I pondered the query for a while and responded: “No. I guess I don’t.” That simple question led me on a different career path because he was right. I didn’t buy the same brand of practically anything, consistently. Why wasn’t I brand loyal? And why was my mother so very brand loyal? Some brands were sacred to her: Goya; Café Bustelo; even Clorox.
As a U.S born, second-generation Hispanic, I’m not brand loyal because I don’t find a lot of brands going out of their way to connect with me – affectively. Ads don’t resonate with me – they are either too Hispanic or too American. And the reality is that as a U.S. born, Cuban-Spanish American, I live a plurality that few really understand. I’m 100% bilingual and bicultural. I take different aspects of my cultural multiplicity wherever I go.
For my Hispanic family, I’ve very ‘American’ to many. And a little too self-reliant (which gets confused with selfishness for them). For my American friends and family, a little too collectivist at times (my social bubble is very small) – hugging and touching while speaking is more than okay. And for my bilingual/bicultural friends and family, I’m absolutely normal.
I can speak English perfectly (and read and write it), but Spanish a little less so. I speak it extremely well; albeit, I do get lost with some word translations. I can read it well, but don’t ask me to write it. The accents alone are too confusing. So I’m not completely biliterate in Spanish – similar to a lot of 2.0-generations I know. I learned conversational Spanish while growing up. And that’s what I’m most comfortable with. And though I could have gotten straight A’s taking Spanish in high school, I took French. I didn’t want to be Hispanic or different (growing up in the 60s in the deep South, and being Hispanic was not a badge of honor).
But I retro-acculturated, as most of us 2.0s do (regardless of country of origin; retro-acculturation is not solely a Hispanic phenomenon). I found my roots again, and, more importantly, my voice. Today, I embrace all of my diversity; it’s a benefit.
Marketers who know me and my 2.0 brothers and sisters, know that we are influencers. At an early age: interpreting, translating, and informing family decisions. We had mastered the English language and culture that my parents, as foreign-born, 1.0-generation immigrants, had not. Unlike them, we were born into it. We were and remain the Sherpas in our collectivist communities. We still guide, translate and interpret – more than half a century after my parents immigrated, in my case.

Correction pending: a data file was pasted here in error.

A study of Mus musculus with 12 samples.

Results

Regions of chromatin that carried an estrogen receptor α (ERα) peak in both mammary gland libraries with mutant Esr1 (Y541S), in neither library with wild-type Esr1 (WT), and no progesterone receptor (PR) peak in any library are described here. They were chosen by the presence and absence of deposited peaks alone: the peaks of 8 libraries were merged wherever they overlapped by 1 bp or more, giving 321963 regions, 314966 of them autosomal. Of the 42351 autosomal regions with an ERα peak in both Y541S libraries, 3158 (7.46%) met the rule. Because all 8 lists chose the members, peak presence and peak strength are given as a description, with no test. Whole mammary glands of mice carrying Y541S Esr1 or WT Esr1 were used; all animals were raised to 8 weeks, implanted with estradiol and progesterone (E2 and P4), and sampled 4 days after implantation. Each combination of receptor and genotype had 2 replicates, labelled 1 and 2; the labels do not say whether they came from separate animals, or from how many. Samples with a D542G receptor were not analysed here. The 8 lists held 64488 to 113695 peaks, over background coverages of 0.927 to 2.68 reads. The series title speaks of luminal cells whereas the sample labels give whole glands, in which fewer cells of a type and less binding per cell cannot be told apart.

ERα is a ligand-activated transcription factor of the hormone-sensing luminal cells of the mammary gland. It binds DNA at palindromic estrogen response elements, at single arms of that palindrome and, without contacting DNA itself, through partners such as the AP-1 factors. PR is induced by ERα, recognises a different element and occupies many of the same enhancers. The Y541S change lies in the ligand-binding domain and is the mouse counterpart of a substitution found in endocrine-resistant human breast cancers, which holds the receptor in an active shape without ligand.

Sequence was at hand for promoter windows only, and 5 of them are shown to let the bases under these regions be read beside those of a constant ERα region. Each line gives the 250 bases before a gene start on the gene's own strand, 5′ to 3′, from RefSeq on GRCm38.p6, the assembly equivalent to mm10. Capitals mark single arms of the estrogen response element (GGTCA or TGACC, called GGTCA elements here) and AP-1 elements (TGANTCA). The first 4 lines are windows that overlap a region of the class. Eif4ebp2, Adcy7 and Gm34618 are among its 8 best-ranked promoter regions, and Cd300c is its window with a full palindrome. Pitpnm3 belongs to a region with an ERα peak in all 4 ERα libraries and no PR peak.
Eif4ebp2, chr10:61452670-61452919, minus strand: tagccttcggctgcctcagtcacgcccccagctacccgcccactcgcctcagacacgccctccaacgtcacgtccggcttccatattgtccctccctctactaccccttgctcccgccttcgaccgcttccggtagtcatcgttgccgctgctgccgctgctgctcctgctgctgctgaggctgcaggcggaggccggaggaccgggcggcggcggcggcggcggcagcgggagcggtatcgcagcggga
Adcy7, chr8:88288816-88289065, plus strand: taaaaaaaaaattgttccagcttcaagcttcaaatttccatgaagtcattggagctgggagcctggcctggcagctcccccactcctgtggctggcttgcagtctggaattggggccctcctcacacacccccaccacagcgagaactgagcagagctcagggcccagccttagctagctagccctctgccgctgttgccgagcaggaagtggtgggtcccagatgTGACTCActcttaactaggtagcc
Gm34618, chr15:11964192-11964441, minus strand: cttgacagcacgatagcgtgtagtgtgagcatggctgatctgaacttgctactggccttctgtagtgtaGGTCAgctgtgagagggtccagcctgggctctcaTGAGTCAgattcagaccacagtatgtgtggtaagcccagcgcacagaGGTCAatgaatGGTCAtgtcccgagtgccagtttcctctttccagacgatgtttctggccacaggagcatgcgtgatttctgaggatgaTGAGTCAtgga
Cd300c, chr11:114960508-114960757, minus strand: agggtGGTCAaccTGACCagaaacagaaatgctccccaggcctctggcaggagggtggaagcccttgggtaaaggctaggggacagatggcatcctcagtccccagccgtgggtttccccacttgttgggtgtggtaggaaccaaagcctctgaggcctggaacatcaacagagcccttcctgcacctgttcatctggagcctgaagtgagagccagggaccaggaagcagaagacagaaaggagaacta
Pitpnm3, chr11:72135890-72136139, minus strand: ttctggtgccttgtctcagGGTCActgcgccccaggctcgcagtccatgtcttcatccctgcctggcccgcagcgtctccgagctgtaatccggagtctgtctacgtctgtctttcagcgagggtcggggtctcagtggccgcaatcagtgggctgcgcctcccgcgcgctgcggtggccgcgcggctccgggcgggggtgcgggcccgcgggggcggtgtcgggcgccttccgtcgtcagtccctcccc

If a brand reaches and touches me with their ads, I will co-brand the message for my sphere of influence and drive a greater ROI. How does a brand do that? Market to me as if you really care. Don’t assume that because I’m English language dominant, general market ads do the trick. Yes, they reach me. But the ads don’t touch me. You have permission to speak to me as I speak to my bilingual/bicultural friends – primarily in English, but peppered with Spanish (remember we’re not all biliterate; a little Spanish is all you need). Our world isn’t black and white; but rather multiple shades of gray.
And you have our permission to reflect our cultural duality in your ads. They speak to me.
When it comes to digital, don’t fear offending the general market with your work, because the beauty of digital is that if you target me correctly, I’ll be the only one seeing your ads.
Discerning the key levels of acculturation when it comes to Hispanic marketing is the Holy Grail. Knowing them is imperative, but then making them actionable, via best practices, will drive greater awareness, engagement and ultimately – advocacy.
Pulpo Media’s Chief Marketing Officer, Maria Lopez-Knowles, is an accomplished industry leader, having received an AdColor Innovator Award for her groundbreaking multicultural segmentation work with English-language dominant Hispanics.
Prior to Pulpo Media, Maria served as President of GlobalHue Latino. Previous to her tenure at GlobalHue, Lopez-Knowles founded and led MRM Worldwide’s (McCann Worldgroup) practice targeting the über-acculturated Hispanic via direct/digital marketing, with a keen focus on brand influencers.